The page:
Risk Non-Parity

April 21, 2022 Updated: April 21, 2022


“Risk management is the bedrock of our firm” is often a line you hear when managers or advisers talk about their strategy and approach to the markets. What you rarely hear is an in depth explanation of what that supposed bedrock is actually made up of. What is the actual process a manager goes through in assessing all of the perceived as well as potential unperceived risks in a particular investment or strategy? What does it mean to manage risk in real time? Do you manage risk for individual positions or the entirety of a portfolio?

When I talk to new traders or managers about risk management I want to know how they think about taking losses. For me a firm understanding of the fact that loss taking measures aren’t just prudent but a necessary ingredient to a successful plan. Furthermore I would argue this is agnostic to time frame. If you are managing positions for two minutes or two decades you must have a process to determine when you are wrong and going to take a loss. This should be the first lesson a registered financial person in training should have to take. Something to the tune of “Taking Losses 101: How to Live to Fight Another Day.” Some day I may try and teach such a class, but sadly this is precisely the opposite of what most learn when going for their different financial designations.

I once had lunch with the head of a large wealth management firm in the area near where I live and after exchanging pleasantries we started speaking more candidly about what we did and how we thought about markets. To my surprise this individual didn’t seem to have any real knowledge of how to manage risk for his clients at all, at least not with respect to loss taking.  

“We rely on our 60/40 portfolio construction to help weather any really bad storms in the market,” he stated. “We’ll do a little tax loss selling here and there to help offset other gains, but we like to stay invested for our clients.”

I asked about what would happen in the event that bonds and stocks both fell and he said that generally wasn’t much of a risk. The conversation really ended with regard to risk right about there as in my view there wasn’t much more to talk about, at least regarding risk management. He had found the goose that laid a golden egg whereby he’d never have to think about the downside because he had something to lean on—in his case, if stocks went down, bonds went up, and so on.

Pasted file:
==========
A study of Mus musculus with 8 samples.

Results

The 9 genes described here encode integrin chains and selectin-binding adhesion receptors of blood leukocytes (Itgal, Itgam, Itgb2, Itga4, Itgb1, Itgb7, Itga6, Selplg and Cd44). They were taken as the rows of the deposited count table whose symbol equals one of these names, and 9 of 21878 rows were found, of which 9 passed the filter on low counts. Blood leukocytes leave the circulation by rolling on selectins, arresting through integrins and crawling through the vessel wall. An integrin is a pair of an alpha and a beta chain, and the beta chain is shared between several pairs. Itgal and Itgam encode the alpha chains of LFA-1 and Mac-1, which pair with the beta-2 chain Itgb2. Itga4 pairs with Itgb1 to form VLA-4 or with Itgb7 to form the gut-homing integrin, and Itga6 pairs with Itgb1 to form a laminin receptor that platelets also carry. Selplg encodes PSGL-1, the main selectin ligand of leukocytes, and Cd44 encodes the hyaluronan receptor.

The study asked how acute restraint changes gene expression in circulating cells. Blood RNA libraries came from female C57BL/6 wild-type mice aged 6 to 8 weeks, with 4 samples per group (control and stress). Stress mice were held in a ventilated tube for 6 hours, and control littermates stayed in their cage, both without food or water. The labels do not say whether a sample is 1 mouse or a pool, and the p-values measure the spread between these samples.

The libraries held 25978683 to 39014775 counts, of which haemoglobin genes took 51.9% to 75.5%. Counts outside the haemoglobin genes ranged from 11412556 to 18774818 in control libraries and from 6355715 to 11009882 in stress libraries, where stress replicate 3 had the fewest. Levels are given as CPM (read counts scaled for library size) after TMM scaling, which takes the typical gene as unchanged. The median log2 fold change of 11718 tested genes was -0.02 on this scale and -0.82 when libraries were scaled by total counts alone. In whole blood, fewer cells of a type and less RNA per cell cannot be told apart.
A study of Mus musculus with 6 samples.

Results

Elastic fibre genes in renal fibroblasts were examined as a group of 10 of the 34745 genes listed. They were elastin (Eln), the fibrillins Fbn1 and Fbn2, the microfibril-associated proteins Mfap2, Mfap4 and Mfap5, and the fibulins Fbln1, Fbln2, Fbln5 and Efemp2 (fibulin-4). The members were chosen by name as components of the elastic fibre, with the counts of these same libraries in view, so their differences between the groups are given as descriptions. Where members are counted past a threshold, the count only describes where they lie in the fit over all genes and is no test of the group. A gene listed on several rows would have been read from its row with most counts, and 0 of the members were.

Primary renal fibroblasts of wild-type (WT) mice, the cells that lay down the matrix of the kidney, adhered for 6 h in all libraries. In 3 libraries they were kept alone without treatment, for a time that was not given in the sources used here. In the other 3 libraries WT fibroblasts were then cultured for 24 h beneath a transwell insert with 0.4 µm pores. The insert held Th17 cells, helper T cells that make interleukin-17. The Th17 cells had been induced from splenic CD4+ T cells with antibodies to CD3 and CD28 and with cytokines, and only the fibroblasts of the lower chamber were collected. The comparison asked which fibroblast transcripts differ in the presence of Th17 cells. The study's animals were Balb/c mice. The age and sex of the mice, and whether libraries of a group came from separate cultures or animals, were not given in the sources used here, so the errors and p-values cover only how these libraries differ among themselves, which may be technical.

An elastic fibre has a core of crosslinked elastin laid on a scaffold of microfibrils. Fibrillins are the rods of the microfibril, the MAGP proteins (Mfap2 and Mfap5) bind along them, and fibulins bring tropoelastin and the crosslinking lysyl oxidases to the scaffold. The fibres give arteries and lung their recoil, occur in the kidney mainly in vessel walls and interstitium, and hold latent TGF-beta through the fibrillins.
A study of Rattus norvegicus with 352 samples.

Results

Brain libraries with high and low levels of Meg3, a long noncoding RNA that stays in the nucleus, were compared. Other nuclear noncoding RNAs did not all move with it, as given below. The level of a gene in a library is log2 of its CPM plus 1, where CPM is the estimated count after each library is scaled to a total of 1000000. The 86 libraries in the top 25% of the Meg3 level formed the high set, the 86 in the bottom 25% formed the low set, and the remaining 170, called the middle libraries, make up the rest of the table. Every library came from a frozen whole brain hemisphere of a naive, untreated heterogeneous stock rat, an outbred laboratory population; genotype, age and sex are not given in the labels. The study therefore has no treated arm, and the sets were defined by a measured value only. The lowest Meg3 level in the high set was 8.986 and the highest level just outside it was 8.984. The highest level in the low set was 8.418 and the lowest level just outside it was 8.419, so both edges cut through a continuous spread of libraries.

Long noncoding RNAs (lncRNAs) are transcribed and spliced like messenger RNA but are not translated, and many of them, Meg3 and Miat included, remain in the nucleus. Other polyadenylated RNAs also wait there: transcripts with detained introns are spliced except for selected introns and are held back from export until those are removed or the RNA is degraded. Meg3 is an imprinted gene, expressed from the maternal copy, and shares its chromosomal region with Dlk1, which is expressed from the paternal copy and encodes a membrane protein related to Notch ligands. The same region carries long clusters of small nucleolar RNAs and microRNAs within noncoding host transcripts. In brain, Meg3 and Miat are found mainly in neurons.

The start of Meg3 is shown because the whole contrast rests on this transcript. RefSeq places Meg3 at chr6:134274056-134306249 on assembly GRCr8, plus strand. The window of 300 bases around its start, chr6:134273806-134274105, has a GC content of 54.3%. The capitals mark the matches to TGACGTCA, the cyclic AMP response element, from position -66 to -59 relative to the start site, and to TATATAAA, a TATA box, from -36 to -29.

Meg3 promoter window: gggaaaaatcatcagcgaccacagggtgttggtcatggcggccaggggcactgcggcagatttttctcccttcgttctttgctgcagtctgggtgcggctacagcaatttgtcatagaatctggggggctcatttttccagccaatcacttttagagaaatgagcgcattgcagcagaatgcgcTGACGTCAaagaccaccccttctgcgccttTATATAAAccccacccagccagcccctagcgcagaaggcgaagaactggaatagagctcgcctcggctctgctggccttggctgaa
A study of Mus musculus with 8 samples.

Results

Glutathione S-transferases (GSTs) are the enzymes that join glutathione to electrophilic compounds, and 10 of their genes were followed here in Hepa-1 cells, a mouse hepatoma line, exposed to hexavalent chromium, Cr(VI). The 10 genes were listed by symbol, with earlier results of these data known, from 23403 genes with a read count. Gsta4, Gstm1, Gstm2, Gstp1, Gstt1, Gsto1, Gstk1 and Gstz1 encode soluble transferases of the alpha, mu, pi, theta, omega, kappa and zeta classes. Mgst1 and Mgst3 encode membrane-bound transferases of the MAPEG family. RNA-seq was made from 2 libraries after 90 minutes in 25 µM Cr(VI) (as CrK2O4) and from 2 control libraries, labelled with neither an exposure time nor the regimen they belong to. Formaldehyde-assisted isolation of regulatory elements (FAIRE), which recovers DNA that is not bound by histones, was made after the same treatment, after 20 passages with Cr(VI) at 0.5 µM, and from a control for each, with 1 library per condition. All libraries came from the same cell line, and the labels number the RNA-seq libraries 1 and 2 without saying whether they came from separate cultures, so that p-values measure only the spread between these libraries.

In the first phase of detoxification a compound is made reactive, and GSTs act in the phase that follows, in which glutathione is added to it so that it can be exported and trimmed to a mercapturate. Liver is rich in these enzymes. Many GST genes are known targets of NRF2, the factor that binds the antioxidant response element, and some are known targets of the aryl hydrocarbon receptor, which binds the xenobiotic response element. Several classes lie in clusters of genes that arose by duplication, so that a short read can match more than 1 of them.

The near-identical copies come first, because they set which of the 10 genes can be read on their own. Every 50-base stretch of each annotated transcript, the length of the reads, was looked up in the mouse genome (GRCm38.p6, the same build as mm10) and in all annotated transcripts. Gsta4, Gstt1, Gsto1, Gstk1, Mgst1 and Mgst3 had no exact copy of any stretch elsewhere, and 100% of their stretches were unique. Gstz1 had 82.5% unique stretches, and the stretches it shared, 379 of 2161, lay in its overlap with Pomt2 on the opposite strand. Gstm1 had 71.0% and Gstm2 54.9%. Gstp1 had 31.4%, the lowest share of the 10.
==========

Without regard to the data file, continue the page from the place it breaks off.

Fast forward to the end of Q1 2022 when bonds had one of their worst respective starts to the year in decades. Not to worry if you have such a strategy as I’m sure your stock portfolio more than pulled the weight of the losses in bonds, but wait—the volatility and decline in risk assets hit stocks as well. What is going on here? I thought these two pulleys were reflexive—if you push one down the other goes up and vice versa.  

The reality is this: There is no rule written anywhere that states one asset is required to move in a certain way relative to another asset. Markets are driven by buyers and sellers and at the end of the day people can be enticed, coerced, or even forced to buy and sell for many different reasons, and more theoretical reasons than even the smartest manager could ever hope to model.  

These type of risk parity strategies are nothing new and they are not necessarily flawed. The devil, as always, is often in the details, or in this case, the risk tails. In a classic bond/stock portfolio construction, the model is simple and generally works to try and provide slower and steady returns. So the question ought to be how bad would, or will it be if they both fall precipitously? What does a really bad risk tail type event in the probability distribution for this strategy look like? This type of questioning generally doesn’t even happen. Worse yet, when it does it goes ignored as an improbable outlier.

I am not suggesting that all forms of risk parity are necessarily bad, however I think the idea of risk parity is potentially misguided at its core.  Taking the prior example of the classic stock/bond portfolio in most years, this strategy yields marginally decent returns with lower volatility and just seems to eat away like a bird. The problem of the tails happens when a bear market for both assets are coincident, you get a portfolio that eats like a bird for a decade until it excretes like an elephant. This in and of itself is painful, but when understood can potentially be weathered or accounted for ahead of time. The problem is when people don’t understand it, come to rely on it as axiomatic, or worse yet apply excess leverage to it. When leverage is applied to these type of risk parity strategies the blow ups are spectacular, Archegos in 2021 being the most recent in a long list.

The most simple form of risk management is not finding an inversely correlated asset that I can use to lay off the risk onto, it is simple position cutting. If you own something and you feel it is too much risk, the safest thing to do is sell all or a portion of it until you are comfortable with the risk you hold. I am continually amazed at how this simple truth evades some of the smartest people. I would challenge the reader to become an expert in understanding risk management in its simplicity. Complexity is often overrated, and when it comes to risk management it can be deadly.  

Views expressed in this article are the opinions of the author and do not necessarily reflect the views of The Epoch Times.

Mark Ritchie
Mark Ritchie II, trader/invester and portfolio manager. Mark has been a professional money manager for over a decade and makes his living trading markets. He manages a private fund of his own/investor capital and also writes and teaches on the topic of trading & speculation. He has a degree in philosophy from Illinois State University.